LinkConnector Validation

A Genealogist In The Archives: Our Ancestors and Their Gardens

Tuesday, June 6, 2017

Our Ancestors and Their Gardens

National Garden Clubs have proclaimed June 4-11 "National Garden Week".

As the Summer begins and gardens are being planted, have you thought about your ancestors and the gardens they planted?

Many of our ancestors were farmers and had fields and fields of crops. While some of us have ancestors that lived in the city and were lucky to have a potted plant.

Whatever our ancestors planted, harvested or just enjoyed, are we documenting it?

During this week, National Garden Week, why not take time to add to your genealogy the types of crops your ancestors raised, the different flowers that were in their home gardens and all the different kinds of vegetables and fruits they grew for the family table.

Maybe your ancestors planted "Victory Gardens" also called "War Gardens" during World War I or World War II. Victory Gardens were vegetable, fruit and herb gardens planted at homes and public parks in the United States, United Kingdom, Canada and Australia. These gardens were used to relieve the strain on the public food supply. These gardens were also considered a morale booster for those on the home front, especially those that had family members off fighting the war.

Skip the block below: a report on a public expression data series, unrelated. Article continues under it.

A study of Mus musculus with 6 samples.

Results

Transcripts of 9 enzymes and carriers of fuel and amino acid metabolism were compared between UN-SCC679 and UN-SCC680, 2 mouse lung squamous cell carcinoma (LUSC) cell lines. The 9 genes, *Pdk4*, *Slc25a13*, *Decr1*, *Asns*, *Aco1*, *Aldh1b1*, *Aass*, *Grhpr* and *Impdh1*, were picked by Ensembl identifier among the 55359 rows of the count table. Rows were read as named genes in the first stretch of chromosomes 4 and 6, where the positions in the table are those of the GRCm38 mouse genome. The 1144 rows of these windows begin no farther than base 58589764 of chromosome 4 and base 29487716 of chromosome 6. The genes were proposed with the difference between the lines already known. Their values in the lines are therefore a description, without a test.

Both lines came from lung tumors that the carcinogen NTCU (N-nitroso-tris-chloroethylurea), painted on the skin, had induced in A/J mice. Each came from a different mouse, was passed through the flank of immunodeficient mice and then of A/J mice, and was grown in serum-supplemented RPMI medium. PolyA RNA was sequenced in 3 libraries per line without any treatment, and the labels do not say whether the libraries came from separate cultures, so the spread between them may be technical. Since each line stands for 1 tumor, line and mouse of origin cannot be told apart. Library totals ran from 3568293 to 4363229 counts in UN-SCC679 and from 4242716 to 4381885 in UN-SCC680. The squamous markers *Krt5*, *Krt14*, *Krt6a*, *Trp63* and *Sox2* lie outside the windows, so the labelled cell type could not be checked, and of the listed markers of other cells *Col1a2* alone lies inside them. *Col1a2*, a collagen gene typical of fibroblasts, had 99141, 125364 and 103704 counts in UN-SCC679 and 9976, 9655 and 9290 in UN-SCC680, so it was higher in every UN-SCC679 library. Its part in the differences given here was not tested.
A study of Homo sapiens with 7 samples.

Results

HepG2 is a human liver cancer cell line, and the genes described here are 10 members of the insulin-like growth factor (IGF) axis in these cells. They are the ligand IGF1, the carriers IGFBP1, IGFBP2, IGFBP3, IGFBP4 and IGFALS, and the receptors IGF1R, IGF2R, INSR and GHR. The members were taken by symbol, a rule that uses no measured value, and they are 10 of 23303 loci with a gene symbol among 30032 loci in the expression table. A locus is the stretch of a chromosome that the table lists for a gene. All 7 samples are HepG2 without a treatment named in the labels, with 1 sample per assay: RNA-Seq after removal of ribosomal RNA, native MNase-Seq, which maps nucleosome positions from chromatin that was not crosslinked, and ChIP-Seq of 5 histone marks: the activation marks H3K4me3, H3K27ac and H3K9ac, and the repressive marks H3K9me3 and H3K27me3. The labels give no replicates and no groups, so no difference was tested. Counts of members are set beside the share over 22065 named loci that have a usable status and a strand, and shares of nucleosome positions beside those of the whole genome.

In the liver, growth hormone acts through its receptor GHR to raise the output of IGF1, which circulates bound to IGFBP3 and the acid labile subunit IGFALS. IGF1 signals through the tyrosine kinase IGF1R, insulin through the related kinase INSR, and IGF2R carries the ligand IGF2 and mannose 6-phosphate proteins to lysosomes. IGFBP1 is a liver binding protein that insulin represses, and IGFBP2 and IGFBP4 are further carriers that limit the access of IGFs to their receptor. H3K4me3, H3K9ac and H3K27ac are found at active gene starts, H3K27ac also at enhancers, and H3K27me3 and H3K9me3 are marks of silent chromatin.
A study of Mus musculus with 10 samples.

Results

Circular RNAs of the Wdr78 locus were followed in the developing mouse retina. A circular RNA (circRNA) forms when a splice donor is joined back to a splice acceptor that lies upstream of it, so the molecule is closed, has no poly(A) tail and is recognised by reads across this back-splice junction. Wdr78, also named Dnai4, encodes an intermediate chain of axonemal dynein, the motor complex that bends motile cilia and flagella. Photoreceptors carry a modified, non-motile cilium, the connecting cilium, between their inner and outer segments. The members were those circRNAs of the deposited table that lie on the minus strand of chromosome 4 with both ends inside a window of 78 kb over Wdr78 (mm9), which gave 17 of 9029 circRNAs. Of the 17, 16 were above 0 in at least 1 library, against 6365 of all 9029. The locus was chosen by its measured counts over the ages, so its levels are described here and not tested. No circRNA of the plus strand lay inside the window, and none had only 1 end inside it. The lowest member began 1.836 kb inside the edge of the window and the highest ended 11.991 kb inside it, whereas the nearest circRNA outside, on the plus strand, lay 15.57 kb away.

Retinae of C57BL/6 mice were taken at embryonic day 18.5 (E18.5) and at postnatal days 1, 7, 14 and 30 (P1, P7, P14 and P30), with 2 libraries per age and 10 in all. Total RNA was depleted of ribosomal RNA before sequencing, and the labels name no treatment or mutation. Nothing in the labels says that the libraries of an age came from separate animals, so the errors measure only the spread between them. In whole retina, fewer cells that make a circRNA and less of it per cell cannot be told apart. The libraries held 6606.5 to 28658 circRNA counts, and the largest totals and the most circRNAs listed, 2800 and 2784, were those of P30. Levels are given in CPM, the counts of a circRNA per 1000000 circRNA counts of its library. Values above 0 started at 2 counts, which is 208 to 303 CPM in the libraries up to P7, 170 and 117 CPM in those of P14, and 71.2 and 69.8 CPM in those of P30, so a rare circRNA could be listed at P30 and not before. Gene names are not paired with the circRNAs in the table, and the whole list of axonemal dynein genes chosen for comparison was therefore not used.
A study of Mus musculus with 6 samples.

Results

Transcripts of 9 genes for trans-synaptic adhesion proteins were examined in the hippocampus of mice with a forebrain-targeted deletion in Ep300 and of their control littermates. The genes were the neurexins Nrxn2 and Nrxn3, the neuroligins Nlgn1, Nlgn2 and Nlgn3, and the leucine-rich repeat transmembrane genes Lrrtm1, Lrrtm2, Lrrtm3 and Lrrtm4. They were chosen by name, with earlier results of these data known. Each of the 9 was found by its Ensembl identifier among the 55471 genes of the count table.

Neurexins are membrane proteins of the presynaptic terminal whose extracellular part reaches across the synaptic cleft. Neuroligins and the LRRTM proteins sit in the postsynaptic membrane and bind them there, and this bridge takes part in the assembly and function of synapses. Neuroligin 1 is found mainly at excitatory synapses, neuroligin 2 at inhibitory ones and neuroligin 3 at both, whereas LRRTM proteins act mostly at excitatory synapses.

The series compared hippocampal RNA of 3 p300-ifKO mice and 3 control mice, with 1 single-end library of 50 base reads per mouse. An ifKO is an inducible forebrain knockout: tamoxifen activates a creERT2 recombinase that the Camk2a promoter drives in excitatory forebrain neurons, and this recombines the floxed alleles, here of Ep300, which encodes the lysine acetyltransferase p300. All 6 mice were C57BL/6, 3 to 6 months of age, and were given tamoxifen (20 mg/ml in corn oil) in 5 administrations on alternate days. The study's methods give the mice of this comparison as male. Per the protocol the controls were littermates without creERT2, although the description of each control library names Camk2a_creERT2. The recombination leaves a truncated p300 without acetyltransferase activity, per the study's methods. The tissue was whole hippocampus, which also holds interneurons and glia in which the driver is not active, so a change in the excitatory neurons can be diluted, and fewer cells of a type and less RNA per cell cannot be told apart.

My Mother grew up in Ohio and she often tells me about the cherry trees that her father, Forrest Cecil Bartram, grew in their yard. I have documented this fact in my genealogy research. This same Grandfather retired from Goodyear Tire after over 40 years of service and moved with his wife and my Grandmother, Ida Kathryn (Drummond) Bartram, to Cocoa Beach, Florida where they raised all kinds of fruit trees. This was the first time I had ever heard of and tasted a kumquat. For the record, I don't like kumquats! LOL!

So, during this week long National Garden Week, take time to document your ancestors gardens!



NEW! Legacy Family Tree QuickGuide

Disaster Planning for the Genealogist

PDF Version:



  1. I actually plant certain flowers because my grandmother's planted them. And now I can't imagine my flower pots without them.

    1. Amberly, that is so sweet! It's awesome that you are keeping your Grandmother's memory alive! Thank You for reading my blog!